开心 (kāi xīn)
This term means happy or joyful. It is a state of happiness and satisfaction.

(He looks especially happy today because it’s his birthday.)

难过 (nán guò)
This translates to feeling sad or sorrowful. It is an emotional response to distressing situations.

(We were all very sad to hear this terrible news.)

紧张 (jǐn zhāng)
This means tense or nervous, often used in situations where there’s pressure or anxiety.

(Students seem very nervous before the exam.)

失望 (shī wàng)
To be disappointed, often when something doesn’t meet expectations.

他的表现没有达到我 们的期望,让我们感到失望。
(His performance did not meet our expectations, which was disappointing to us.)

愤怒 (fèn nù)
Angry or indignant, this word describes a strong feeling of displeasure or hostility.

(He was angered by the unfair treatment.)

郁闷 (yù mèn)
This term refers to being depressed or in low spirits. It’s often used to describe a general feeling of discontent or dullness.

(He has been depressed recently, probably due to too much work pressure.)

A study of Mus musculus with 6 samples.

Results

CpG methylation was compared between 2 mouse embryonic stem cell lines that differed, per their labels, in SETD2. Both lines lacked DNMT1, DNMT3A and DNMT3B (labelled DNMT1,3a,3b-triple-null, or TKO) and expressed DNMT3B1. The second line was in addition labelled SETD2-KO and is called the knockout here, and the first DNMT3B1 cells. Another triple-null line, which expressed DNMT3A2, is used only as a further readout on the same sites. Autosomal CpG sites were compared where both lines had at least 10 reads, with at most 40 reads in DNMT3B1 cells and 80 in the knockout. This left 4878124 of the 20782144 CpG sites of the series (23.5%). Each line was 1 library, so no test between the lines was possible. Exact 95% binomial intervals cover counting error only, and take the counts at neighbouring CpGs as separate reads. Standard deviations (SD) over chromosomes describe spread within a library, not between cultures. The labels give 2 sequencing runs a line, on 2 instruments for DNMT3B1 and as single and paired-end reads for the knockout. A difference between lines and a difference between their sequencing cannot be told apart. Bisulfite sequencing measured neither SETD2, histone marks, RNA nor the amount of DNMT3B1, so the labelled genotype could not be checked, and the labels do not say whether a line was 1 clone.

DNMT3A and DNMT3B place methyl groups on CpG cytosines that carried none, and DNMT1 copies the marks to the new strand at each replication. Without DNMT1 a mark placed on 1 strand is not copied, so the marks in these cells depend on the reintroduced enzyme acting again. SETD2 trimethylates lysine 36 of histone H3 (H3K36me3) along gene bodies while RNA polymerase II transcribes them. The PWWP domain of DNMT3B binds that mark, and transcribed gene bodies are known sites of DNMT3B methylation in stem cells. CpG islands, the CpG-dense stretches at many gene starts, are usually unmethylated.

焦虑 (jiāo lǜ)
Anxiety or anxiousness, a feeling of worry, nervousness, or unease about something with an uncertain outcome.

(Faced with the uncertainty of the future, he feels very anxious.)

感动 (gǎn dòng)
Moved or touched emotionally, often caused by acts of kindness or sentimentality.

(The ending of this movie was so touching that it moved me deeply.)

疑惑 (yí huò)
Confused or puzzled, this word describes a state of being uncertain about something or not understanding.

(He is confused about the new rules and doesn’t know what to do.)

自豪 (zì háo)
Pride or proud, it’s a feeling of deep satisfaction derived from one’s own achievements, or the achievements of those with whom one is closely associated.

(Her child’s excellent performance at school makes her feel very proud.)

怀念 (huái niàn)
To miss or reminisce about, this term is used when fondly remembering someone or something from the past.

(After leaving his hometown for many years, he still misses the life there.)

Learning to express emotional and psychological states in Chinese will not only enrich your vocabulary but also help you connect more deeply with Chinese speakers. By understanding and using these terms, you can better communicate your feelings and comprehend the emotional context of conversations.